It was even colder in Bettles, Alaska, on Tuesday, where the temperature dropped to minus-41 with a bone-chilling wind chill of minus-53.
Statewide, it was the first time Alaska’s daily temperature index was significantly below normal in almost a year.
This morning, some locations in our 49th state plummeted as low as minus-40 to minus-45 degrees.
Although the weather in the Last Frontier is cold compared with the past two years, it has been much colder in the past. Alaska’s coldest November temperature of minus-62 was set in 1970 at Prospect Creek.
Through October this year, Alaska was having its warmest year on record.
But it’s cold now and expected to stay cold for at least another week or so. For the first time since February 2014, the National Weather Service predicts much of the state to be colder than normal in its six- to 10-day outlook.
As the cold continues to build over Alaska and western Canada over the next week, some of it will begin to bleed south.
Computer models are unanimous in bringing a significant blast of cold air to the western half of the United States in about six to eight days. On Wednesday afternoon next week, temperatures are forecast to be 20 to 30 degrees colder than normal in much of the Rockies and western Plains.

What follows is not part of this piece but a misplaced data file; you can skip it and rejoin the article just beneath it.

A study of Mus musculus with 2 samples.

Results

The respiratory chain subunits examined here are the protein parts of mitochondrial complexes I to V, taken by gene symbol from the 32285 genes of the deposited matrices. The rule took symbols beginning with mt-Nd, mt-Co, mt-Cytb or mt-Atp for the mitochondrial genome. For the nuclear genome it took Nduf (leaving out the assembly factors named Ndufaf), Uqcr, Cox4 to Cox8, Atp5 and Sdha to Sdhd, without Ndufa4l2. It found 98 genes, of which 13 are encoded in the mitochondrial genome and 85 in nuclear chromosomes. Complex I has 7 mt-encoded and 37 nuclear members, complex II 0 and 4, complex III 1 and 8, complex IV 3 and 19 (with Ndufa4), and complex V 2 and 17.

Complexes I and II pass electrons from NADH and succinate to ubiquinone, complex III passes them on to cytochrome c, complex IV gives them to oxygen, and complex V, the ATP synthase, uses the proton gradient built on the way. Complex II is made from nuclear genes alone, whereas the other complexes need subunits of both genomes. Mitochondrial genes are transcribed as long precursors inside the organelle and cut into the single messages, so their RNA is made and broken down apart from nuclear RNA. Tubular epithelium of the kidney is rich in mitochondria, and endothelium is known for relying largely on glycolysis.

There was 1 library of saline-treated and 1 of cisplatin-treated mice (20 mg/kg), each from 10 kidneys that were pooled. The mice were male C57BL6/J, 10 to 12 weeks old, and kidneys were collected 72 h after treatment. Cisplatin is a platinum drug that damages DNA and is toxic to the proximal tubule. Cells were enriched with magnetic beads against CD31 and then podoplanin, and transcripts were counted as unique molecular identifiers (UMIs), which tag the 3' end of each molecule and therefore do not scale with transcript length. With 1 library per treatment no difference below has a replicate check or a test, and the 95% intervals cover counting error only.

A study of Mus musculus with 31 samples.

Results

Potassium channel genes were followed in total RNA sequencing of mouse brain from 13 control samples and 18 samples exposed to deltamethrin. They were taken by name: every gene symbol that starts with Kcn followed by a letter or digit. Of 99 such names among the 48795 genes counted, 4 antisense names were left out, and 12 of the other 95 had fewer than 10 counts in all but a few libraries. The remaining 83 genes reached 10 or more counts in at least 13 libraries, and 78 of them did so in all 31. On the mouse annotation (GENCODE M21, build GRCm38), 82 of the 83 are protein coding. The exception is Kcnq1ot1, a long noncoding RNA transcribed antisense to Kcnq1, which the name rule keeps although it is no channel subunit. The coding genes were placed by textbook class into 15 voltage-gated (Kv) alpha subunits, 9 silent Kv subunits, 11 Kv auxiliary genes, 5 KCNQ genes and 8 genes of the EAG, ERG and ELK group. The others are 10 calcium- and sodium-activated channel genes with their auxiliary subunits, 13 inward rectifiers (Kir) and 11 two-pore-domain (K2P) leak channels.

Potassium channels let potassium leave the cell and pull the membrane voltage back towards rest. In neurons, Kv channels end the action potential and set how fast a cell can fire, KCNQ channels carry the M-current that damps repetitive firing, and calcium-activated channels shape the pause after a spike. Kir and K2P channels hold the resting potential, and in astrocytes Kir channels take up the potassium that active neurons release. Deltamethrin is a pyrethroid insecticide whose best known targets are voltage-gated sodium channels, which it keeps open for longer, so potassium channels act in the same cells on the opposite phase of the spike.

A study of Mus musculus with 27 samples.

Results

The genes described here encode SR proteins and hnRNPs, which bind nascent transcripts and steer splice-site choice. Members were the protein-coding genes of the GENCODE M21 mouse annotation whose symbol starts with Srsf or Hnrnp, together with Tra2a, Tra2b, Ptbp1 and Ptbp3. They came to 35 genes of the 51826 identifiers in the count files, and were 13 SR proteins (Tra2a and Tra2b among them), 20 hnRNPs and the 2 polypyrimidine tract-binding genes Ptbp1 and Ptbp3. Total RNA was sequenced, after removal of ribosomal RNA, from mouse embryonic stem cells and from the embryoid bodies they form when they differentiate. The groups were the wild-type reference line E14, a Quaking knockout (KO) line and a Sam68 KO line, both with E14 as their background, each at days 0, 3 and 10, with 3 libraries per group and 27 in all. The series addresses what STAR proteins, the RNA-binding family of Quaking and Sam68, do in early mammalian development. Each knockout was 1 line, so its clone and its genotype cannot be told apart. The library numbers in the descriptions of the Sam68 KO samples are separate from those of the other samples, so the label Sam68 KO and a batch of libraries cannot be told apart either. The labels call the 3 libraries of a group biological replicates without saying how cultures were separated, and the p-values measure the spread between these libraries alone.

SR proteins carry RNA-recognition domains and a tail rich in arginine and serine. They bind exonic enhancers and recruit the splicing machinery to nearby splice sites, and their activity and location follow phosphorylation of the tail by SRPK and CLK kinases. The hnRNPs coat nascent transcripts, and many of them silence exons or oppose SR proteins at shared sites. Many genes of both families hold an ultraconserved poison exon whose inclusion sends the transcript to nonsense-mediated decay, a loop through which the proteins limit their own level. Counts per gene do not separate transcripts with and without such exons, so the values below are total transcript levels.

While the exact numbers are subject to shift, this would mean highs in the teens in Denver and Billings, Mont., and the 20s around Salt Lake City.
Some of this cold air is likely to shift toward the eastern half of the country in eight to 10 days, but models tend to suggest it will lose some of its intensity.
When the cold assaults the western United States this time next week and clashes with milder air to the east, a storm is likely to form, producing heavy snow west of its center and potentially strong thunderstorms to the east. It is far too early to pin down the specific storm track, but the central United States should start to monitor the situation in the coming days.